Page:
After months of negotiations, the Lawndale City Council is expected to decide tonight whether to sell the city’s interest in the Galleria at South Bay for $10 million.
Proponents say this is a unique opportunity for financially troubled Lawndale to secure a lump sum well in excess of its $7-million annual budget. Plans call for preserving the $10-million principal and using the income from interest to provide programs the city could not otherwise afford. At 8% interest, the $10 million would generate $800,000 a year.
But critics say the city would be better off to keep its interest in the upscale Galleria, which racked up more than $183 million in taxable retail sales in 1987, the most recent figures available.
Further, opponents question whether city officials have the financial expertise to manage the $10 million. They point to the city’s loss of $1.68 million in a speculative securities investment in 1987.
The City Council tonight will discuss whether to accept the $10-million offer from the mall developer, South Bay Associates, a division of Forest City Enterprises of Cleveland.
A financial analysis prepared by Natelson-Levander-Whitney Inc. said the most likely “total present value” of the city’s interest in the mall is $9,078,585.
$10 Million Highest Offer
“Based upon our negotiations, we believe that $10 million is the highest amount which will be offered by South Bay Associates,” said City Atty. David J. Aleshire, who participated in the buyout talks. The $10 million is $2,175,000 more than South Bay Associates offered at first, sources said.
In recommending that the city accept the offer, Aleshire said that in time the Galleria investment will be recognized as “the most significant undertaking in the history of the city of Lawndale.”
In a complex and unusual transaction, Lawndale in 1984 obtained an $8-million federal grant, which it then invested in the $70-million Galleria mall in adjacent Redondo Beach. Because it is a more affluent city than Lawndale, Redondo Beach itself could not have obtained the economic development grant funds.
Under the agreement, a special hiring program was set up to give Lawndale residents jobs at the mall. Some 500 to 600 residents got jobs, according to city officials.
Lawndale receives 6% interest on the loan, generating annual revenues of $576,000. Half of that amount can be spent on federally designated community development projects. The other half may be used for any purpose the city chooses. The loan must be paid off by 2004.
The agreement calls for Lawndale to receive a share of the developer’s profits once a certain level of profits is achieved. That right expires in 2004. The city has not yet shared in mall profits, partly because the developer’s capital investments have reduced profits.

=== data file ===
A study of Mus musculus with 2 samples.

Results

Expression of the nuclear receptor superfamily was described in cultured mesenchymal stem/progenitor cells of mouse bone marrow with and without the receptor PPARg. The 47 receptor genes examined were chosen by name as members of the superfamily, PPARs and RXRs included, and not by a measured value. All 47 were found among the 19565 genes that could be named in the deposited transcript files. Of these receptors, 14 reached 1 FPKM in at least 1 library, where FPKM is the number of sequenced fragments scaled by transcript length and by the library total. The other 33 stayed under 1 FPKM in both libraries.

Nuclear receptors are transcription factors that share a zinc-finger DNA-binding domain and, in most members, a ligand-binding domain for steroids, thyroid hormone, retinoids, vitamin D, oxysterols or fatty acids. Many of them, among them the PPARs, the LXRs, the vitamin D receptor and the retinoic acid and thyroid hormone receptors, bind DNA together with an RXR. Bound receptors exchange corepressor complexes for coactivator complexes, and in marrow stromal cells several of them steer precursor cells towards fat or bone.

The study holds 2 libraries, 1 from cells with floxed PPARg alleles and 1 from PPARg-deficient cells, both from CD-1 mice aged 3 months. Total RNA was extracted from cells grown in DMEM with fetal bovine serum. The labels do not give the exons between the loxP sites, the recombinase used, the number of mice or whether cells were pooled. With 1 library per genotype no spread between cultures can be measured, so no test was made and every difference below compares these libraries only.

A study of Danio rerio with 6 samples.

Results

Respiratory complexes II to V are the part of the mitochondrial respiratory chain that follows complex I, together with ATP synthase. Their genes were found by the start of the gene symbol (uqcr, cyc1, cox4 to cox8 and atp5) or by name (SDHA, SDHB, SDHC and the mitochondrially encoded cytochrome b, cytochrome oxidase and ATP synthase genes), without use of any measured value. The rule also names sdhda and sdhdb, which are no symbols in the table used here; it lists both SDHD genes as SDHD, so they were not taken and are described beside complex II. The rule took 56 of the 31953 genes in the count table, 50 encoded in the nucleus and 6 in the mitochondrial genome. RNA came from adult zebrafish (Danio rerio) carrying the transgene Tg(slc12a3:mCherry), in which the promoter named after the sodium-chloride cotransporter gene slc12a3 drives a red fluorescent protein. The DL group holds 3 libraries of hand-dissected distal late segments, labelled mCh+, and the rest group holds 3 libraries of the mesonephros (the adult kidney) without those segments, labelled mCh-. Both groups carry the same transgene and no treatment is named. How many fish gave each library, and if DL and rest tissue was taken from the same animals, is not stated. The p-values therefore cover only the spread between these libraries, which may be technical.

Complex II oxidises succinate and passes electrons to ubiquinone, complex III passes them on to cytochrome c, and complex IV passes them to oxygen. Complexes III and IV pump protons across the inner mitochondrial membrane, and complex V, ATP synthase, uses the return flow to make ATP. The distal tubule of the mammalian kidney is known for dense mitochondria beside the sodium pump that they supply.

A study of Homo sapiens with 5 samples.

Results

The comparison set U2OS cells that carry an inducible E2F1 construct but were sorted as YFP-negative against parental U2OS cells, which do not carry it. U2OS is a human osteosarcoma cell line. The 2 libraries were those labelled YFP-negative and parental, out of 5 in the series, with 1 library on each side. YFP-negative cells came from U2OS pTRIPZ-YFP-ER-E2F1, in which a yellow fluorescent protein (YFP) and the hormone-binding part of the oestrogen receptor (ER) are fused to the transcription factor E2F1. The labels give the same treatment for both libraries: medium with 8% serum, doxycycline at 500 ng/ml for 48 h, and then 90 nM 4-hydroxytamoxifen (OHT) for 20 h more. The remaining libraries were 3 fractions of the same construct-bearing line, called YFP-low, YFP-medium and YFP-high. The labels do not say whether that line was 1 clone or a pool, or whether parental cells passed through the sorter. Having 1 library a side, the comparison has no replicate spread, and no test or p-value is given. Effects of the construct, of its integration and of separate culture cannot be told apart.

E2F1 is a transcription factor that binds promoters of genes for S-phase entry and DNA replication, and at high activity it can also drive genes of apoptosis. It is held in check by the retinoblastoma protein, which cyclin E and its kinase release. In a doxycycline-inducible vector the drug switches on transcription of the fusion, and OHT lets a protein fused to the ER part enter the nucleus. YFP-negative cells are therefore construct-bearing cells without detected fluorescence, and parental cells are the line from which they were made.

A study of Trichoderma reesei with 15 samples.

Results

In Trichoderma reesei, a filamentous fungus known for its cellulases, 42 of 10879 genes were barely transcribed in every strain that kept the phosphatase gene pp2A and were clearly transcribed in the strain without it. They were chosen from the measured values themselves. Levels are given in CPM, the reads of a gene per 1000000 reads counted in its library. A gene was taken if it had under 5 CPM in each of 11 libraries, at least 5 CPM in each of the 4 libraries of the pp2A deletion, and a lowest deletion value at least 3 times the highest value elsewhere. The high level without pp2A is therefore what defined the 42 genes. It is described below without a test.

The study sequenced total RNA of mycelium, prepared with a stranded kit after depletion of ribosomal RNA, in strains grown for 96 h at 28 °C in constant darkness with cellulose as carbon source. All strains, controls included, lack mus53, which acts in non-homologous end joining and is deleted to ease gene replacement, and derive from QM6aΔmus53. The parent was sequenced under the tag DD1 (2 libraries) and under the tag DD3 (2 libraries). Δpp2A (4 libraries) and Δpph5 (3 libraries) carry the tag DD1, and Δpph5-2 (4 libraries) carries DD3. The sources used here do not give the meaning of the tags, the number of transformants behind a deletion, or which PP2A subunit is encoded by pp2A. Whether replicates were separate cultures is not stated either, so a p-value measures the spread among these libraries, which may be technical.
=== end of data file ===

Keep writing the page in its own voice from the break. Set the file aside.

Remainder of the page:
Because of the likelihood that the developer will continue to make capital investments, it is uncertain whether Lawndale would ever be able to take advantage of this provision, according to the city’s legal and financial advisers.
Mayor Sarann Kruse and Councilman Larry Rudolph, who are often at odds on issues, agree that the buyout plan is an advantageous one for Lawndale.
Kruse said the $10 million “will provide dollars for many years to come to do some real strong capital development in Lawndale.” Projects such as updating Hawthorne Boulevard and repairing streets and sidewalks could be financed from the interest income without touching the $10-million principal, she said.
Rudolph said he plans to support the buyout plan because it would provide a predictable source of revenue for numerous projects.
Although Aleshire predicted that the entire community would come to appreciate the merit of the buyout, civic activists Nancy Marthens and Virginia Rhodes said they oppose the plan.
Request for Inquiry
They recently filed a formal request to the federal government for an inquiry, challenging Lawndale’s administration of the $8-million federal grant. That inquiry is still pending. The council, angered by what it viewed as a disloyal act, removed the two women from their posts on city advisory panels.
In an interview this week, Marthens said the city’s interest is worth much more than $10 million.
She said the Galleria is a prospering investment that would eventually yield Lawndale a share of profits. Meanwhile, the city would continue to receive yearly interest payments adding up to $9.7 million, plus a balloon payment of $5 million due in 2004, for a total of $14.7 million.
Aleshire has said that Marthens’ analysis does not account for inflation or for the value of money in hand today compared to money one might get at some date in the future.
Marthens insisted that this is no time to bail out of the Galleria, which has generated growing income for Redondo Beach. That city’s sales tax revenues increased from $3.8 million in 1984, before the mall opened, to $6.9 million in 1988, she said.
In the same period, she said, business license taxes in Redondo Beach increased from about $830,000 to more than $1 million.
Marthens added that if the City Council accepts the $10-million windfall, it may be tempted to indulge in extravagances. “The money will burn a hole in their pockets,” she said.